Fans whose hockey roots date back to the ‘70s will know that the modern-day (and highly-successful, three-time Cup champion) New Jersey Devils are, in fact, the original Colorado Rockies.
That team (which was in turn initially the Kansas City Scouts before moving to Colorado) was actually the first Colorado team named “Rockies”. (The major league baseball team of the same name did not join the National League until the early 1990s.)
With the Leafs visiting the swamp this evening and not a lot that is terribly exciting going on in Leafland (we could talk more about who they don’t get to draft in June), let’s look back at some olden-days tidbits about the Devils/Rockies/Scouts franchise.
• The first-ever General Manager of the Scouts was Detroit Red Wing Hall-of-Fame player (and long-time coach and GM) Sid Abel. Abel coached the Wings to 4 Cup finals in the 1960s, including 2 losses against the Leafs.
• The first-ever coach of the Scouts was Bep Guidolin, who may have been the youngest individual ever to play in the NHL. He was only 16 when he played with the Bruins in the fall of 1942.
• Denis Dupere, a good penalty-killer with the Leafs in the very early ‘70s, played later with the Rockies, as did former Leaf goalie Doug Favell.
• A member of the “Broad Street Bullies” Stanley Cup champions (though he was never big or a bully) Simon Nolet, was an original “Scout”.
• Future Maple Leaf Wilf Paiement (a rugged winger and a solid NHL player) was the first overall draft choice of the Scouts in the summer of 1974—the then expansion team’s first year in the league.
• Paiement later came to the Leafs in the awful trade that sent Leaf fan favorite (and future Hall-of-Famer) Lanny McDonald to the Colorado Rockies.
• Paul Gardner, son of former Leaf forward and radio analyst Cal Gardner, had some of his best years offensively with Colorado before joining the Leafs in the late ‘70s.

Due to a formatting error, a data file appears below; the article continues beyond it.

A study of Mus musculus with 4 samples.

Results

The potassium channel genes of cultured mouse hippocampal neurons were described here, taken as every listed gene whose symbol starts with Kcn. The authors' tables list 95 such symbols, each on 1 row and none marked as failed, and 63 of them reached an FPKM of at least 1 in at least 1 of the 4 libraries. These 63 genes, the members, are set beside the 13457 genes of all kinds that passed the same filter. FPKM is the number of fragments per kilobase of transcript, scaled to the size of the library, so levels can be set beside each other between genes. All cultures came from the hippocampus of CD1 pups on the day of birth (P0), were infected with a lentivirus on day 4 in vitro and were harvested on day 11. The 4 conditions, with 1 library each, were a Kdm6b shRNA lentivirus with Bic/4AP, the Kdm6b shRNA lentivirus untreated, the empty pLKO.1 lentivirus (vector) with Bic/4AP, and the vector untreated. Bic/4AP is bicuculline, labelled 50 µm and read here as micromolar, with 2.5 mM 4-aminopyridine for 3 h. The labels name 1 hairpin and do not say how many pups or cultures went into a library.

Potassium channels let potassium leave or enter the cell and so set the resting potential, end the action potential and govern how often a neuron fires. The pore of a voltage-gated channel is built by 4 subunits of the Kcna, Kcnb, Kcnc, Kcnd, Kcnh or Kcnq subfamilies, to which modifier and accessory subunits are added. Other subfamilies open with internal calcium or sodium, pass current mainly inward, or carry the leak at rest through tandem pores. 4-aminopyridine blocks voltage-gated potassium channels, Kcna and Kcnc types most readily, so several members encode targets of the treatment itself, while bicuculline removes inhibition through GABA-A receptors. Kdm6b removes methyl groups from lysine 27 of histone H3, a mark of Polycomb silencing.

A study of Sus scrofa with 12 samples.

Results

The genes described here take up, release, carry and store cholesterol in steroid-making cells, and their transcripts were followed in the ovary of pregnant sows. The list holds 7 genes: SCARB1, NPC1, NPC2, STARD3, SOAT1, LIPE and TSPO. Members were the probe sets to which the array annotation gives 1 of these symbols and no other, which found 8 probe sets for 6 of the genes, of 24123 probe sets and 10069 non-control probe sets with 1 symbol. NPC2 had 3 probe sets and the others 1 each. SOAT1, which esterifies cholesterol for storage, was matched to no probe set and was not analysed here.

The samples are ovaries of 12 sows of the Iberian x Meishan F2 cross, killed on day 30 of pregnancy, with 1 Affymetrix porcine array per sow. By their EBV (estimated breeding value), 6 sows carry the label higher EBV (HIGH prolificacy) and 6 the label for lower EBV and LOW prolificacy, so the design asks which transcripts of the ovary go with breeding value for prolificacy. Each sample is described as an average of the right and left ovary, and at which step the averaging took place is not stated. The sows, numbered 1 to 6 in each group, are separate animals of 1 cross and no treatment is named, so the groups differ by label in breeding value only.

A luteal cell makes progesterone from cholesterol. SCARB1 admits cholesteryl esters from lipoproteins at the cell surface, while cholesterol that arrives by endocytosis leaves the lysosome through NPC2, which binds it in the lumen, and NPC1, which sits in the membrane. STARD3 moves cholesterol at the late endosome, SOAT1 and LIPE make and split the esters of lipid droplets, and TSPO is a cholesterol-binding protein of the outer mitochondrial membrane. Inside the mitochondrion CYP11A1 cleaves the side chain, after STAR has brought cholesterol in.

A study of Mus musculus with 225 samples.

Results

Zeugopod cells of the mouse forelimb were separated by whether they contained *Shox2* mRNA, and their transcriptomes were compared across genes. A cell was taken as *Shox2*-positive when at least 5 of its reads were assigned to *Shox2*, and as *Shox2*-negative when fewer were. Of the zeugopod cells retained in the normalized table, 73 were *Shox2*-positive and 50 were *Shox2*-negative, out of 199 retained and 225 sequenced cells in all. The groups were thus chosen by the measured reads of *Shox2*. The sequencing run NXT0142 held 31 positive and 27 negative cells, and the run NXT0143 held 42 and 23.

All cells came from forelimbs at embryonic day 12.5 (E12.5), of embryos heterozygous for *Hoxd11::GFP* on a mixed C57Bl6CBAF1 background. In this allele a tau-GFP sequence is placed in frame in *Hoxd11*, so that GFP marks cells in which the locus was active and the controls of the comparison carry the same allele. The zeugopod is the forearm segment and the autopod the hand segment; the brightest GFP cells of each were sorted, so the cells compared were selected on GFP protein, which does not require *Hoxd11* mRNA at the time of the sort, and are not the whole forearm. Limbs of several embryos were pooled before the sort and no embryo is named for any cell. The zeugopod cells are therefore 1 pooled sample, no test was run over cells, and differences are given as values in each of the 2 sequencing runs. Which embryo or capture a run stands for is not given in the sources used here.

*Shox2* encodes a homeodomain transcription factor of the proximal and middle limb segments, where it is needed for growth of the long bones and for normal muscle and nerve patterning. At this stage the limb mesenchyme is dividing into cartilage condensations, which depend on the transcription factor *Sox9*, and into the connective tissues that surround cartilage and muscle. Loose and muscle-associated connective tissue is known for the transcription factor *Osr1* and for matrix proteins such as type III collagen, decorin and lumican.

• Future Leaf assistant coach Mike Kitchen played with Gardner in Colorado.
• Don Cherry of Hockey Night in Canada fame not only coached the “Big Bad Bruins” in the mid-to-late 1970s, but also the Rockies for a brief time after that. Besides Lanny McDonald, Cherry also coached one of his former Bruin favorites there—Bobby Schmautz.
• Jack Valiquette, a one-time first-round draft choice of the Leafs as an 18 year-old, also played for Cherry in Colorado, after being traded by the Leafs.
• Another Leaf first round draft choice, Bob Neely, played briefly in Colorado in the late 1970s (before Cherry was there).
• Ex-Toronto (WHA) Toro “Leaping” Lou Nistico played with the Rockies.
• Young Leaf fans will remember Alex Mogilny as a highly-skilled if injury-plagued Leaf late in his career (remember his give way in overtime in Game 6 of the 2002 quarter-finals against Carolina? Series over…). He won his only career Cup with the Devils earlier.
• Former Leaf winger Billy MacMillan (he played on a line with Dave Keon and Garry Monahan in the early ‘70s) once coached the Devils.
• Mike Antonovich, who played with Keon in the WHA, played under McMillan with the Devils.
• Joe Cirella is one of the few OHL players ever to be drafted by an NHL team (New Jersey, very early ‘80s), play a full season as an 18 year-old then be returned to his OHL team to play as a 19 year-old.
• Chico Resch, who gave up Lanny McDonald’s OT goal in the 1978 playoffs against the Islanders, also played at the end of his career with the Devils.
• I mostly remember Pat Verbeek as a really solid winger for the Hartford Whalers, but he played for New Jersey, too.
• Future Hall-of-Famer Brendan Shanahan, recently retired, started his career as a first-round draft choice of the Devils in the late ‘80s.
• Long-time Capitals General Manager George McPhee played for the Devils in the late ‘80s.
• Leaf fans remember that Toronto traded their first round choice in the 1991 draft (only turned out to be Scott Niedermayer, oh well…) when they acquired New Jersey defenseman Tom Kurvers in the fall of 1989. Must have seemed like a good idea at the time.
• The great Russian defenseman Fetisov, originally drafted by Montreal, started his NHL career with the Devils, before joining the Red Wings, where he won a Cup. He later was an assistant coach in New Jersey.
• Claude Lemieux, one of the most annoying players I can remember (and a very effective one, too) helped the Devils, the Avalanche and Habs win Cups.
Of the above, the Leafs sure could use guys like Verbeek, Lemieux, Schmautz, and, oh yeah, Niedermayer.
The Leafs are due tonight. We’ll see.